Sept. 20 is the first day of USC’s Green Week, a celebration of campus sustainability that allows students to expand their knowledge of eco-friendly practices through virtual and in-person events hosted by the Office of Sustainability.
Meatless Monday kicked off the week at the USC Village dining hall, which occurs on a weekly basis and rotates throughout the university’s four dining locations. When students finish their meal, they can empty the waste into one of the new compost bins around campus. This addition encourages students to get involved in the sustainability initiative, and get rid of food waste responsibly.
“I just didn’t think that USC cared about sustainability to that extent,” Jordan Page, a senior narrative studies major, said in an interview with Annenberg Media. “And I’m happy that they do. So I’m looking forward to it.”
Students can also engage by doing sign painting and planter upcycling with USC’s Garden Club. “It looks like a fun way for everyone to get to know each other and just be in the garden,” Hadee Makda, senior health promotion and disease prevention studies major and current club president, said in an interview. “We used to be a pretty small hobby club, and now we’re really trying to get more serious and more interested in fighting food insecurity on campus or in the community.”
Other events throughout the week range from a coding event to creating solutions for combating climate change. Internships and full-time career opportunities in the sustainability field will also be available throughout the week.
To close out Green Week, this week’s home football game will feature USC’s Zero Waste Tailgating initiative, where at least 90% of waste from the “Green Game” will be diverted from landfills. With this event, USC Sustainability will compete with other PAC-12 schools in the pursuit of a zero waste home game.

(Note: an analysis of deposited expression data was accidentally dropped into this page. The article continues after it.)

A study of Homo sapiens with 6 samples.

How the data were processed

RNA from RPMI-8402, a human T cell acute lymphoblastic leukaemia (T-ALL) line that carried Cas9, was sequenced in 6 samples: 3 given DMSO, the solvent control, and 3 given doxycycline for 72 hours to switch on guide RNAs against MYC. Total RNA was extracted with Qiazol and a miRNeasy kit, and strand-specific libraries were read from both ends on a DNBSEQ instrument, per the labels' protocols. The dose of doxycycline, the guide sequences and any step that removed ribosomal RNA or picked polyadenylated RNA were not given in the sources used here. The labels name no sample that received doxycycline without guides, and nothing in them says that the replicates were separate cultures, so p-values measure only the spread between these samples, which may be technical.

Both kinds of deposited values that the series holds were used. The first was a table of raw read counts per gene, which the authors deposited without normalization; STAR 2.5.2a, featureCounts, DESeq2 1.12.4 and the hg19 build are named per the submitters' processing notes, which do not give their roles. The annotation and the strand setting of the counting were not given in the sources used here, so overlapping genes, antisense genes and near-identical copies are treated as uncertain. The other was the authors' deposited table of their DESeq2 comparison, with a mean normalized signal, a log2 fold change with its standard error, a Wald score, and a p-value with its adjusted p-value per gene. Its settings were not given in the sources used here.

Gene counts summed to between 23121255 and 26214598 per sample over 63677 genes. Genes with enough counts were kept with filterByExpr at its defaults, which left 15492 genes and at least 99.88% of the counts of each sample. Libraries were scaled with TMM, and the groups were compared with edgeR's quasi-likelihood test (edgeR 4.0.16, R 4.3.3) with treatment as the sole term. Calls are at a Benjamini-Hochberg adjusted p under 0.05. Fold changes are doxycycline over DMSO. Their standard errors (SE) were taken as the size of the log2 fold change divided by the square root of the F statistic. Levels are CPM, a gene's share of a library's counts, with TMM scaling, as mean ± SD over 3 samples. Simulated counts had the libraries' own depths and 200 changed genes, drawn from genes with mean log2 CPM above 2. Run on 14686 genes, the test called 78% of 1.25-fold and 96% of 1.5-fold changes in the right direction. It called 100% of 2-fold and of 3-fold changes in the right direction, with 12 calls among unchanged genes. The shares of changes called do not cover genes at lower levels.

While USC offers an array of tips to participating in eco-friendly tailgating, some students question the practicality of the initiative.
“How are they going to get a bunch of, you know, drunk college students to remember to recycle? It just seems very ambitious,” Page said. “So I hope that they have a good plan in place to make sure that there’s no outliers—everyone’s able to follow through and participate.”
Beyond Green Week, USC wants to strengthen sustainability initiatives on campus. Previously, President Carol Folt joined L.A. Mayor Eric Garcetti to discuss sustainability movements within Los Angeles. USC is also in the midst of implementing the 2028 Sustainability Plan, which aims to strengthen its zero-waste policy by eliminating single-use plastics, expanding recycling and reducing greenhouse gas emissions, among other actions.
When asked about Green Week, Associate Director Ellen Dux from the Office of Sustainability implored for more collaboration with other clubs and organizations to promote a greener campus.
“Let’s use this opportunity to step more broadly out in front of the whole community, let folks know what’s going on, and how they can participate,” Dux said in an interview. “[Students] want to know what’s happening.”